A group of congressmen sent President Biden a letter earlier this week urging him to fast-track a new financial benefit for millions of Americans. One that would far surpass what the government has done so far in the realm of stimulus checks. Their ask: That the federal government immediately cancel up to $50,000 in debt tied student loans per borrower.
“For generations,” the congressmen wrote to Biden in the letter dated January 25, “young people have been encouraged to pursue higher education as a tool for economic and social mobility. However, the enduring weight of student loan debt has negated opportunities for many borrowers to truly transform their lives and our country.”
Public service loan forgiveness
So far, Biden hasn’t acquiesced to these demands from the most progressive members of Congress who want him to unilaterally cancel big chunks of student loan debt. But that’s not the same thing as saying a large and still-growing portion of student loan debt hasn’t been canceled under the Biden administration. Because it has.
The administration started by expanding existing student loan forgiveness programs. Since January 2021, the federal Department of Education has forgiven some $15 billion in student loan debt for 675,000 borrowers.
Instead of canceling debt outright with a stroke of the pen, as progressives have called on Biden to do, one way this has been done is by overhauling one federal initiative that was hardly working at all. It’s the Public Service Forgiveness Loan program.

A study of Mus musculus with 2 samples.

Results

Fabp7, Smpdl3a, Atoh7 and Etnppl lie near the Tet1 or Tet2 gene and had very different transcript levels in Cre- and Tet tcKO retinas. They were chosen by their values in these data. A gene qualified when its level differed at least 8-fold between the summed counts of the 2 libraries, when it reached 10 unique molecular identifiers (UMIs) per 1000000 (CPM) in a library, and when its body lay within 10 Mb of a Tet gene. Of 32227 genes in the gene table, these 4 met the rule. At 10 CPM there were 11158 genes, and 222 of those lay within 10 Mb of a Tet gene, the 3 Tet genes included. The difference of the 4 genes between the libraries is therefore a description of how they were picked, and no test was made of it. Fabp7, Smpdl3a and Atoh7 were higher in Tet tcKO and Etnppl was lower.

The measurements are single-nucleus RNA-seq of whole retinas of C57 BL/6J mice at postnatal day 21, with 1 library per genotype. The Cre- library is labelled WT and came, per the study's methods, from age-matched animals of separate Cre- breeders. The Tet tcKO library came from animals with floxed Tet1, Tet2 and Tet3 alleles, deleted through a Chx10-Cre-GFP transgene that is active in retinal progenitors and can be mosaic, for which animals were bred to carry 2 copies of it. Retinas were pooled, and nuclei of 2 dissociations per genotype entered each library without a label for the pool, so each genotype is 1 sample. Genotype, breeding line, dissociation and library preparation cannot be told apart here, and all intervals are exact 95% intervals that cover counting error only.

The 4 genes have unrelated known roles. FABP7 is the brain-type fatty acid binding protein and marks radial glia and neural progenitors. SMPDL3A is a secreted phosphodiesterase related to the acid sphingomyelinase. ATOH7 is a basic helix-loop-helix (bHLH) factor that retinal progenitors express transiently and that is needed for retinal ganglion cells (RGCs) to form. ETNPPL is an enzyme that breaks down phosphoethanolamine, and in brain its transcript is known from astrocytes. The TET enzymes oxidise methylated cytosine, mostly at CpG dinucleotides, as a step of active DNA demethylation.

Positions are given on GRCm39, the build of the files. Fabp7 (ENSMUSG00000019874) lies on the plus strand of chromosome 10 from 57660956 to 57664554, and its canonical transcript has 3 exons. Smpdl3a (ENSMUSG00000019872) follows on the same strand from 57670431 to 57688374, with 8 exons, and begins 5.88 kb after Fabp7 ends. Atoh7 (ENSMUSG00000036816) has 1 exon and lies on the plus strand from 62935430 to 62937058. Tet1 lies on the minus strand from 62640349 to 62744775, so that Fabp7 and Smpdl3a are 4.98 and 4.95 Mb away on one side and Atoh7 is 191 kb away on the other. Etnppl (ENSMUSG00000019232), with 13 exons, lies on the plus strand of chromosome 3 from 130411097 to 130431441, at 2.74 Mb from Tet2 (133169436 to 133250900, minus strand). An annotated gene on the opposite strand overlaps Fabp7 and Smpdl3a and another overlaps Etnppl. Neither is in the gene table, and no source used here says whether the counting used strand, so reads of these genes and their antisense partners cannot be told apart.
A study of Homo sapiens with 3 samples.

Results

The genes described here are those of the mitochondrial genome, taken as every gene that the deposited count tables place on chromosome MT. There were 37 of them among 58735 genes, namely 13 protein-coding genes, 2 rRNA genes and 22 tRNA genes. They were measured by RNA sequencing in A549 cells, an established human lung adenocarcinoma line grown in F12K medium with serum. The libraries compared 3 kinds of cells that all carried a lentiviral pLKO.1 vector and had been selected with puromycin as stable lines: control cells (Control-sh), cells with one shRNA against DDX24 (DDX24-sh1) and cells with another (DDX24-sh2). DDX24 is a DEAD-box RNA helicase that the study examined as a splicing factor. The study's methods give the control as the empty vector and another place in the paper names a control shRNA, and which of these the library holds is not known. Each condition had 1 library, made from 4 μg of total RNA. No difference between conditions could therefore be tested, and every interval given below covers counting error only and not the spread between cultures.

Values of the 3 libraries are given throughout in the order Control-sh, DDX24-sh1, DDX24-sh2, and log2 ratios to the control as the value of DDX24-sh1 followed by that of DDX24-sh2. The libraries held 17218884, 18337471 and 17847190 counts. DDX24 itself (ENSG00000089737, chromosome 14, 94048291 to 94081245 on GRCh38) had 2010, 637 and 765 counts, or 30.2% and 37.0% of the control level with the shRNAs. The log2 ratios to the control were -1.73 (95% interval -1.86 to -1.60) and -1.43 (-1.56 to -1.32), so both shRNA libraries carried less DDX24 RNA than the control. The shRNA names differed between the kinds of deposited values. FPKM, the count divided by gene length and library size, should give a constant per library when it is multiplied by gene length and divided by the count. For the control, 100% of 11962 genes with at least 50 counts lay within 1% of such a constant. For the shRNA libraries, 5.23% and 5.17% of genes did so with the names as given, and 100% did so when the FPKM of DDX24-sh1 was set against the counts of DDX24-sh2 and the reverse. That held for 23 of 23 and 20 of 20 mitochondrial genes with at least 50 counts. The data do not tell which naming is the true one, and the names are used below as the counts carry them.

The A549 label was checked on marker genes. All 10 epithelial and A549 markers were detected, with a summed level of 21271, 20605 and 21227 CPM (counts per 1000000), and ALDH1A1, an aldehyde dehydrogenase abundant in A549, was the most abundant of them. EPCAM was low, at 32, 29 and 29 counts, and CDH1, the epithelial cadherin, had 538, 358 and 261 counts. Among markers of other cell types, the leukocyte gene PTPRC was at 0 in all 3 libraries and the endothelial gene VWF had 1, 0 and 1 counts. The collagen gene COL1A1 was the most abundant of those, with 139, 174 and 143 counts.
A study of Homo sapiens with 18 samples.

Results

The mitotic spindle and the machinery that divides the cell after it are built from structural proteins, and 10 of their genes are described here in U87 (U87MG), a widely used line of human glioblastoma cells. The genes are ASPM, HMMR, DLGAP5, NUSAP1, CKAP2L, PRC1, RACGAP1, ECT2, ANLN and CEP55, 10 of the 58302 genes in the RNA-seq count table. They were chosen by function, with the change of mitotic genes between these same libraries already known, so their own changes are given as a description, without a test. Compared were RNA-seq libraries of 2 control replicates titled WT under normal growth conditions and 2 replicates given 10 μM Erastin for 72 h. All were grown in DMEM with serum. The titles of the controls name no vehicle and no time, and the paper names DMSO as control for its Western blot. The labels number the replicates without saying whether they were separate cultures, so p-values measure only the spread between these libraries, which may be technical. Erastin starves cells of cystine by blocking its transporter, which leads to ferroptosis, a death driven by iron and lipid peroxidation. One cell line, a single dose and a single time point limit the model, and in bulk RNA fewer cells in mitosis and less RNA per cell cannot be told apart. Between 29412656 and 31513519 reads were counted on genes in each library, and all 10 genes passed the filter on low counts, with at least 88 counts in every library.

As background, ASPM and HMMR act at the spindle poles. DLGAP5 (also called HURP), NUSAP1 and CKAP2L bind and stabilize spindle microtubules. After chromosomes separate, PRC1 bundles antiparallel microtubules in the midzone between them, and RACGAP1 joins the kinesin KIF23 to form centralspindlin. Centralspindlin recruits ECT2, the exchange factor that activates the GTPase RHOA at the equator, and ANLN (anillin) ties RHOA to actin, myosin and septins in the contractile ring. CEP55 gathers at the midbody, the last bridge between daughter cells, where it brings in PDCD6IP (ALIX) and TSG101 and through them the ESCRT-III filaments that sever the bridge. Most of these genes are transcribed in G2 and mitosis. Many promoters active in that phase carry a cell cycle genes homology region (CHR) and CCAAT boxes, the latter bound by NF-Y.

This effort launched in 2007. And it was supposed to incentivize people to choose jobs in the public sector. After a decade in those jobs — as teachers and cops, for example — and making payments? The program would cancel their college debt. It didn’t work out that way, though. At least, not at first, with little uptake through the program.
Biden, meanwhile, came into office and in the fall his administration made the program’s rules and standards a bit looser. The result? Data his administration shared a few days ago shows almost $5 billion in student loan relief having been provided. To around 70,000 borrowers.
Until October, Department of Education undersecretary James Kvaal told USA Today, the Public Service Loan Forgiveness program hadn’t delivered on what it set out to do. “Teachers, nurses, first responders, service members, and so many public service workers have had our back, especially amid the challenges of the pandemic,” Kvaal told the newspaper. “One year in, the Biden administration continues to demonstrate that we have their backs, too.”
Democrats, of course, control both chambers of Congress at the moment. However, the administration hasn’t been able to muster enough support to continue sending out more stimulus checks. The final monthly child tax credit check went out in December. Because of that? Attention is now increasingly turning to alternative methods whereby the government can provide Americans financial relief. And student loan relief, as we’ve seen, is a tempting target for many Democrats.